The Ultimate Minority Right

In recent weeks, I kept meaning to write up a stylized history of the evolution of political ideology over recent centuries. But my examples—why Andrew Jackson rather than Alexander Hamilton will get booted off the currency, how Spike Lee learned painfully to start denouncing Hollywood for being run by whites and stop denouncing it for being run by Jews, and why democracy in Poland is undemocratic—grew into entire columns.

So now it’s time to get past the illustrations to the big picture. Here’s a simple outline of four eras, each when a different political ideology seemed inarguable:

(1) hereditary right

(2) majority rule

(3) minority right

(4) the inalienable right of minorities to become the majority (while maintaining all the privileges of a modern minority)

A half millennium ago, political power in the West was largely organized around the hereditary principle, whether aristocratic or monarchical. There were partial exceptions in which elections or randomness played a role in selecting leaders, such as the papacy, Venice, and the Holy Roman Empire. And medieval legislatures still survived. The trend in the 16th century, however, was toward the novel ideology of divine right monarchy.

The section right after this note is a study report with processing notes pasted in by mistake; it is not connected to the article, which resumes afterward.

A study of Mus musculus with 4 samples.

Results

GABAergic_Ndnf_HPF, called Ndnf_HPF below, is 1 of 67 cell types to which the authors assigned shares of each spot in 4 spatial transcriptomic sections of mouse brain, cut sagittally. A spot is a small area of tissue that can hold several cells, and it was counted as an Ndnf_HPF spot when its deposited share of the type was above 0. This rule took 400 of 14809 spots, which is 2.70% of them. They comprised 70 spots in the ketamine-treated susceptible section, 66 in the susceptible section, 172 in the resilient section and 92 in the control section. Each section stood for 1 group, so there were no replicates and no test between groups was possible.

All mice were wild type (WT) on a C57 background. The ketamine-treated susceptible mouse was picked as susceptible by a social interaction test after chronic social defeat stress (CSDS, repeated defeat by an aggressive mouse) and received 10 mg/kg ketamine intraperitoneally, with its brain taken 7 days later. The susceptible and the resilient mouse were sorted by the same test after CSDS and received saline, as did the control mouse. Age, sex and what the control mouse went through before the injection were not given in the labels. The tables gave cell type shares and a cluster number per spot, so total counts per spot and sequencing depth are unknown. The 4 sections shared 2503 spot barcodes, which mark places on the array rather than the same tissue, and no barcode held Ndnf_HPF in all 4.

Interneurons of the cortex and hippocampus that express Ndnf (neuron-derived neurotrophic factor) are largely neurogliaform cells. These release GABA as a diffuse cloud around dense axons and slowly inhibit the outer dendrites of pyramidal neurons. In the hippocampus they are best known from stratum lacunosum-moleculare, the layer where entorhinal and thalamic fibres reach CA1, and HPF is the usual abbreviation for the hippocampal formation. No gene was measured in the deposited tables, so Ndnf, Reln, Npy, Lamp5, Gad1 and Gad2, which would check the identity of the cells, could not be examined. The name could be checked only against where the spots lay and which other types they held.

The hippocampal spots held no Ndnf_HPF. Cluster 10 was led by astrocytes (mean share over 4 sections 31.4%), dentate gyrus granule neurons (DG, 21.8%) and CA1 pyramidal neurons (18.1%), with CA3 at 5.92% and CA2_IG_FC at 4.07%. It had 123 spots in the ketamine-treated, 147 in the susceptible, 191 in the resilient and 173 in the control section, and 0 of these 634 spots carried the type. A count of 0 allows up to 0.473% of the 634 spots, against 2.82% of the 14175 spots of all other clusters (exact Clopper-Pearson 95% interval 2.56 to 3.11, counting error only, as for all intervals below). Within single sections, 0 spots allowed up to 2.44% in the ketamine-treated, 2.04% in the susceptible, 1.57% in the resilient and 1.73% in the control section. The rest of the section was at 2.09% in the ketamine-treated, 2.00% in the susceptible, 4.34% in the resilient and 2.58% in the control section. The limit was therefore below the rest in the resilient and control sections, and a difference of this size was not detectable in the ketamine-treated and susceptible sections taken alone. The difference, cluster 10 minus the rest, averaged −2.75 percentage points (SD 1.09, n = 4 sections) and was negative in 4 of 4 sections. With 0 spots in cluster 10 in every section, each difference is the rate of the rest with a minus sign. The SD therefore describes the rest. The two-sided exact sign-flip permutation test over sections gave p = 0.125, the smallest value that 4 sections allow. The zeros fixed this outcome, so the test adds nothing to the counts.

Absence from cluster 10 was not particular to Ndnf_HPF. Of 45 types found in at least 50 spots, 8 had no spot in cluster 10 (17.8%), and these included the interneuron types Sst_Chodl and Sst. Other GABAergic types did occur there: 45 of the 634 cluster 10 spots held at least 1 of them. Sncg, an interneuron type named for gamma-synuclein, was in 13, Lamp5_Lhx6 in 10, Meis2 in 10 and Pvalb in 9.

Hereditary rule is seldom defended explicitly these days, but it retains a powerful grip on our political impulses. For example, the main qualification of the new Liberal prime minister of Canada, Justin Trudeau, is that he is the son of a former Liberal prime minister and a prominent groupie of the classic-rock era. Similarly, the great and good of America complacently assumed throughout the first half of the 2015 that the voters of both parties would have no objections to another Clinton-vs.-Bush election in 2016.

Over time, however, hereditary rule lost favor and the concept of majority rule, which had been in bad odor with intellectuals since the Athenian democracy executed Socrates, grew in self-evidentness.

During the first half century of the United States, Hamiltonian restrictions on the power of the masses, such as property requirements for the vote, eroded under the momentum toward Jacksonian democracy. The United Kingdom lagged, but followed in the same direction, repeatedly cutting back on property restrictions on the vote from 1832 to 1918.